Arsène Séverin

BRAZZAVILLE, Nov 12 2010 (IPS) - An emergency vaccination campaign against polio begins Nov. 12 in the Republic of Congo, where an epidemic centred on the southern city of Pointe-Noire has killed at least 100 people since the beginning of October.

Administering oral vaccine: a risk of polio epidemics remains as long as the disease exists anywhere in the world. Credit:  IRIN

Administering oral vaccine: a risk of polio epidemics remains as long as the disease exists anywhere in the world. Credit: IRIN

According to Congolese health authorities, the epidemic has killed 97 people in Pointe-Noire, the economic capital of the country, two people in Dolisie and one in Nkayi, in the southwest.

A World Health Organization update released on Nov. 9 reported 184 cases of acute paralysis and 85 deaths, noting that the majority of cases have occurred in the population aged 15 and older. Polio usually affects children under the age of five.

“This is a very high death rate, given the number of cases. “It’s a real national catastrophe,” said Dr Jean Vivien Moumbouli, director of research at the National Laboratories based in Brazzaville.

According to the Centers for Disease Control, based in Atlanta in the U.S., where samples were sent for analysis, the epidemic is of virulent strain of the type 1 polio virus.

In Pointe-Noire, the epicentre of the epidemic, the population is désembarées. The government has said very little about the illness. “We don’t even know what’s happening, we’re just guessing,” said Jean Bakala, a resident of the Loandjili commune, which has so far reported the largest number of victims.


“My 45-year-old father contracted polio. But the doctors didn’t want to go near him, fearing that they themselves could be infected. That shocked me,” Hermane Bouity, told IPS. His father, who died several days later, was admitted at the Adolphe Cissé Hospital in Pointe-Noire.

All cases in this coastal city have been referred to the two general hospitals at Loandjili and Cissé. “We are overwhelmed. We ourselves are afraid,” confessed a nurse at Loandjili hospital.   The government has come in for criticism.

“One doesn’t know what precautions to take, because we are ignorant of this illness. The population has been abandoned,” said Brice Mackosso, secretary general of the Commission for Justice and Peace, an NGO close to the Catholic Church in Pointe-Noire.

“The government is totally responsible for the spread of this epidemic, because it has failed to communicate. On television and radio, on sees nothing, hears nothing,” said Roch Euloge N’zobo, from the Congolese Observatory for Human Rights, an NGO based in Brazzaville. “The authorities’ reaction has been hugely ineffective.”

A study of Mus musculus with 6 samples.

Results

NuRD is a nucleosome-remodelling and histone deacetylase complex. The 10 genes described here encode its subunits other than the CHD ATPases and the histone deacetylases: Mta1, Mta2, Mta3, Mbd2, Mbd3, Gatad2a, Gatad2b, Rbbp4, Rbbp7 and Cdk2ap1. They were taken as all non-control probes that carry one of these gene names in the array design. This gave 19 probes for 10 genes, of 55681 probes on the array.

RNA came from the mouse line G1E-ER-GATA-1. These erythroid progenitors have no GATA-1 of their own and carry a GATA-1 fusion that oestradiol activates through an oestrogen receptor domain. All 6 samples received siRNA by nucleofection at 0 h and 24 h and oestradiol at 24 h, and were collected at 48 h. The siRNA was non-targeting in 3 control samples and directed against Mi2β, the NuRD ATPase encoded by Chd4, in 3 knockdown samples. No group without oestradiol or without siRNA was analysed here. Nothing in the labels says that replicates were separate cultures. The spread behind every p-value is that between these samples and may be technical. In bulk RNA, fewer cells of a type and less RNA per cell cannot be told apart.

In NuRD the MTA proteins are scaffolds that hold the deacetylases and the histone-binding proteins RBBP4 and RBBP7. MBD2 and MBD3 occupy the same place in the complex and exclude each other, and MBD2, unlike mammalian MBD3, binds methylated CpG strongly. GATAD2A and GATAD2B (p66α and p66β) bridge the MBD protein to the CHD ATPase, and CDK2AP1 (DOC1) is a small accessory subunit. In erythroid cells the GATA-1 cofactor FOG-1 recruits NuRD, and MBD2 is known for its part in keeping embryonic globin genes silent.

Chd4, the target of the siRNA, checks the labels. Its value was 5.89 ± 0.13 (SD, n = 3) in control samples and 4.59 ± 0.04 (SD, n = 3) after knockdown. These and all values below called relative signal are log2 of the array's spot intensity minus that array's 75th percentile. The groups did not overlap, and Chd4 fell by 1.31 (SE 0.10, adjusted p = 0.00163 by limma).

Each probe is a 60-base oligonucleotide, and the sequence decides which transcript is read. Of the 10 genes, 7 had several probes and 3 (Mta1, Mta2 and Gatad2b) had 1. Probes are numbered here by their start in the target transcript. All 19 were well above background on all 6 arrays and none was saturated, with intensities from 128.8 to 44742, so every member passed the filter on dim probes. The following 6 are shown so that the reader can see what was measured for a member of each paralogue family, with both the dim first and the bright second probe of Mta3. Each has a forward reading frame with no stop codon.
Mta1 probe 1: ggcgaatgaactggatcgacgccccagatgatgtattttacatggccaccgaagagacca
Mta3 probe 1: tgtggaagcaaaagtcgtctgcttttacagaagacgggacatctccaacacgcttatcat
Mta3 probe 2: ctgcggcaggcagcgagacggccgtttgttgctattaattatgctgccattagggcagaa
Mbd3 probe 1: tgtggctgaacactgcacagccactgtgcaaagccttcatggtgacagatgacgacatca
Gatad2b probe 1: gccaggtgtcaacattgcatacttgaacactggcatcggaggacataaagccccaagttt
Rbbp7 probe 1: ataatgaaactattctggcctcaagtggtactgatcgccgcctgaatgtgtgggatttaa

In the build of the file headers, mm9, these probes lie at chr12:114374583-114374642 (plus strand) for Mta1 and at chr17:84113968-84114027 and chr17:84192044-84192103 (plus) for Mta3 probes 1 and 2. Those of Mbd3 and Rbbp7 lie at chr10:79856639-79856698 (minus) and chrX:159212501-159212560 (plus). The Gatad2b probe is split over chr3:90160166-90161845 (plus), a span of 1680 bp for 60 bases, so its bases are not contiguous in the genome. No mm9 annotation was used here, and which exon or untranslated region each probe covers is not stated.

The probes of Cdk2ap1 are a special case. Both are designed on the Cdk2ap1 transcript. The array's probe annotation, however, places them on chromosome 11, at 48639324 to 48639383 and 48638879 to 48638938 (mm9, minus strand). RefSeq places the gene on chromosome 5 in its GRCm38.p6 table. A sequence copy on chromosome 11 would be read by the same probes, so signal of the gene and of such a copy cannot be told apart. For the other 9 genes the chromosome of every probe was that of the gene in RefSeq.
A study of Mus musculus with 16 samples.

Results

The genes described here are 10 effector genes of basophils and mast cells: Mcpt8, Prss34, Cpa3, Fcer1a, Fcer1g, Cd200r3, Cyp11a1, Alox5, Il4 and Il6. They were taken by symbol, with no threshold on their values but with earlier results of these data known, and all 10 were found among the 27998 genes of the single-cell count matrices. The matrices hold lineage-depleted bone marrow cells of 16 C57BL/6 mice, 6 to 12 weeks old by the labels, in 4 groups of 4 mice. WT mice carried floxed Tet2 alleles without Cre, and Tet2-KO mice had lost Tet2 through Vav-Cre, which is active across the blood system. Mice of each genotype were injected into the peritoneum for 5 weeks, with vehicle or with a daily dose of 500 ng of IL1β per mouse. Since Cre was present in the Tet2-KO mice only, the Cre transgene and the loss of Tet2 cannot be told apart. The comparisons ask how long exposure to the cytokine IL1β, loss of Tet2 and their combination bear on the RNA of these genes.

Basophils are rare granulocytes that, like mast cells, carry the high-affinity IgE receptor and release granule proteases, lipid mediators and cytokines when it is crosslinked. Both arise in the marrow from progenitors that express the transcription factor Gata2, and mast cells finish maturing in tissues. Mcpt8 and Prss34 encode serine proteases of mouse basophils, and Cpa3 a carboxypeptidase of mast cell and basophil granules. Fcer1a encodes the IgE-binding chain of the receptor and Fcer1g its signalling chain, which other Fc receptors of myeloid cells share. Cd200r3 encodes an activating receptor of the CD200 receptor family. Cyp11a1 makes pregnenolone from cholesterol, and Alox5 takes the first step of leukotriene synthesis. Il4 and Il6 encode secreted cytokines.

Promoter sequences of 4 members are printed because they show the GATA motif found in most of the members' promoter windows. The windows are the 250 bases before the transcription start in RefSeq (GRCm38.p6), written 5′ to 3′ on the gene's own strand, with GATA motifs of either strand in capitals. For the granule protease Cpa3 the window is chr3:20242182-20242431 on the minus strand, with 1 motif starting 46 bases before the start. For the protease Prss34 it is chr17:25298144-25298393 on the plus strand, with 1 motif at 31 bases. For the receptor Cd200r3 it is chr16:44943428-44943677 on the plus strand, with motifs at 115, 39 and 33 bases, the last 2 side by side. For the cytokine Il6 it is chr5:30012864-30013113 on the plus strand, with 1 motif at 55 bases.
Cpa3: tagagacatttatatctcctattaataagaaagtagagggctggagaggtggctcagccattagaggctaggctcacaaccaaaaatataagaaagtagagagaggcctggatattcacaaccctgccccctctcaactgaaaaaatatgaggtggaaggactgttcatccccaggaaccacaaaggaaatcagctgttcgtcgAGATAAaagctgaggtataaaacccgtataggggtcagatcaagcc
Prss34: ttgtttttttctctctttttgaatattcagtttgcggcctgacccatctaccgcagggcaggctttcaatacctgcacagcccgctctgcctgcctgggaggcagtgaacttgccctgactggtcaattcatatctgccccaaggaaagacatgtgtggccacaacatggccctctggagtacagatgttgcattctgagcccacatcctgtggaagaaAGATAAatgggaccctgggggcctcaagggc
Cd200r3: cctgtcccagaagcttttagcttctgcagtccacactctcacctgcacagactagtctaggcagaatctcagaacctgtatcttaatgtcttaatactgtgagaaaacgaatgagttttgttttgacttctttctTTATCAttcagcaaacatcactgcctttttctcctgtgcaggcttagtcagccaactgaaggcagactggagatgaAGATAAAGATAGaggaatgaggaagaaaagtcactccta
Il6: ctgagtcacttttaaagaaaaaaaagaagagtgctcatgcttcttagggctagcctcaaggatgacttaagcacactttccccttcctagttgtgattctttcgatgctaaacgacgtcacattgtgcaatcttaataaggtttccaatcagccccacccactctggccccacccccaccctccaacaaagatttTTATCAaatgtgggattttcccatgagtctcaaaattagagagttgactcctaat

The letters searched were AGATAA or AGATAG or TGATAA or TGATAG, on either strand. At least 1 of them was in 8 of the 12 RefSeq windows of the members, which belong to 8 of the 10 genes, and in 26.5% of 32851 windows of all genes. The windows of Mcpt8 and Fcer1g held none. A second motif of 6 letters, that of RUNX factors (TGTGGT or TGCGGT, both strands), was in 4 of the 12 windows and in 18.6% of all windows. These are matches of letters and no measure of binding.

Three weeks after the first cases emerged, government was still trying to identify the exact nature of the epidemic. It was only at the beginning of november that they began to hesitantly communicate over the threat.

“It’s a virus which attacks the nervous system, which paralyses the body and which kills,” Dr Alexis Elira Dokekias, national director general of health, told state media. “It’s necessary to observe basic hygiene. The virus is found in faeces/stool and transmitted orally. In the absence of proper hygiene, it can contaminate through water, it can be passed on through careless handling of vegetables or fruit.”

The vaccination campaign that begins on Nov. 12 will first target the residents of Pointe-Noire, then the rest of the country’s population. Twelve million doses of the vaccine will be required, according to Elira Dokekias.

“The vaccines have arrived very late. Those who are affected can no longer be saved, because it needs at least three weeks to take action, said Anatole Bikou, a medical officer in Pointe-Noire.

The United Nations Children’s Fund, UNICEF, has announced support with five million doses coming from stockpiles in Denmark. UNICEF is looking for around $3 million to acquire the remaining doses.

Dr Edouard Ndinga, the official in charge of the country’s Expanded Programme of Immunisation, declined to say how many doses Congo already had on hand.

“We have nothing. We are waiting for the international community to come to our assistance,” said N’zobo.

Figures from the EPI for 2009 showed the rate of coverage for polio in Congo was 90 percent. The last polio infection in the country was recorded in 2000. Authorities suspect the virus came from “a neighbouring country”.

According to the World Health Organization, Angola has reported 25 cases of polio IN 2010, and 28 were recorded in the Democratic Republic of congo. Among the cases found in Pointe-Noire, four people came from Cabinda, the Angolan province adjacent to Congo. “We have relaxed our epidemiological surveillance at the border,” said Elira Dokekias.

The outbreak comes in spite of recent progress in controlling polio. According to WHO, the number of cases globally this year stands at 767, around half the number at the same point in 2009. This is largely due to steep reductions in cases reported from Nigeria and India.

Containing the outbreak in Congo with a vaccination campaign that will extend to neighbouring DRC and Angola is a top priority.